Posted at 11:00 PM, May 10, 2016
and last updated 2016-05-11 00:00:44-04

Experts call the flood of 2011 a 500-year flood.  The Missouri River spilled its banks, impacting 700 miles from Montana to Missouri.  For the homes and towns near the banks, the flood was devastating.

Marty Summy was one of many who watched as water surround and filled his home.  He and his neighbors watched as the river crept closer.

“We had a feeling that we were going to have a problem, so that took up everyone’s time getting their houses cleaned out and everything,” said Summy.

Then homeowners got the call they had been dreading.

“We were over here doing a little spraying and a neighbor got a call from another neighbor said they went into their home to get some belongings out and when they came out about an hour later they had to drive through moving water and we pretty much new somewhere the levee had broken,” said Summy.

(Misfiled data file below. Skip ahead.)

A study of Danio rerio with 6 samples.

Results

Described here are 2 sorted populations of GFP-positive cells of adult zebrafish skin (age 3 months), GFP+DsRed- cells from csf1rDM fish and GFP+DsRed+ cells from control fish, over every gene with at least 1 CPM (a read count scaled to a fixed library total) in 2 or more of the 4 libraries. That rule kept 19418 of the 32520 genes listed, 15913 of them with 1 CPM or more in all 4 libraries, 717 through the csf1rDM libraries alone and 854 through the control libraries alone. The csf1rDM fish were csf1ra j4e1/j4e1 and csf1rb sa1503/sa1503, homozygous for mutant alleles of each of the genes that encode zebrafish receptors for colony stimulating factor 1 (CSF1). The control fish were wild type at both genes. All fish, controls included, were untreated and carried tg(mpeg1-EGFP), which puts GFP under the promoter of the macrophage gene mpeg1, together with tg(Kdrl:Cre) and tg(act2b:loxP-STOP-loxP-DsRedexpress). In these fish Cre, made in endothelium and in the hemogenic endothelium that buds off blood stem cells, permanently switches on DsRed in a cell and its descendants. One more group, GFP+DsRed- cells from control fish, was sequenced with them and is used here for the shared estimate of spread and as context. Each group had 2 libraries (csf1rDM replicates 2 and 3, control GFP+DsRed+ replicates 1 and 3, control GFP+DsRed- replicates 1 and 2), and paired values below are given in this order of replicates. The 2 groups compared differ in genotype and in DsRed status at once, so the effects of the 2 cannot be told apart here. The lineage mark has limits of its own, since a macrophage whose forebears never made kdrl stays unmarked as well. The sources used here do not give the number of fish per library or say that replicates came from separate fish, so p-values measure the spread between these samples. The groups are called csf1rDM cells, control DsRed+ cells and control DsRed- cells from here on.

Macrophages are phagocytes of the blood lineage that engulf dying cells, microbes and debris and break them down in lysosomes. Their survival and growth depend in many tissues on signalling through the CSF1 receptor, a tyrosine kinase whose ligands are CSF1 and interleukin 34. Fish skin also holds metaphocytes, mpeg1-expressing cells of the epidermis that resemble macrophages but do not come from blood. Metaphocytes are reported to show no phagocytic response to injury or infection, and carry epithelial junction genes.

Yards quickly turned into lakes and road flooded and washed away.  Homeowners were left to watch from afar as water slowly seeped into their homes.

As the river swelled federal authorities and concerned citizens rushed to shore up hundreds of miles of levees.  The U.S. Army Corps of Engineers says the community response made all the difference.

“People out filling sandbag late at night, pumping water out of the behind the levee that was seeping and stuff,  so that's a great story about how people came together and fought the flood and the communications worked so if there is anything good out of it it's that,” said John Henderson, Army Corps of Engineers.

The Mighty Mo took its toll on the federal levee system.  The Corps spent about 70 million dollars on reinforcing the levees during the flood.   The Corps monitors more than 250 miles of federal levees from North of Omaha to Rulo, NE.  After the water receded nearly all of those levees had to be repaired.

The summer of 2011 proved to be a teaching moment.  Corps officials say the event set a new data point and helped it identify issues with the levee system.  That new data will help the next time the Missouri River spills its banks.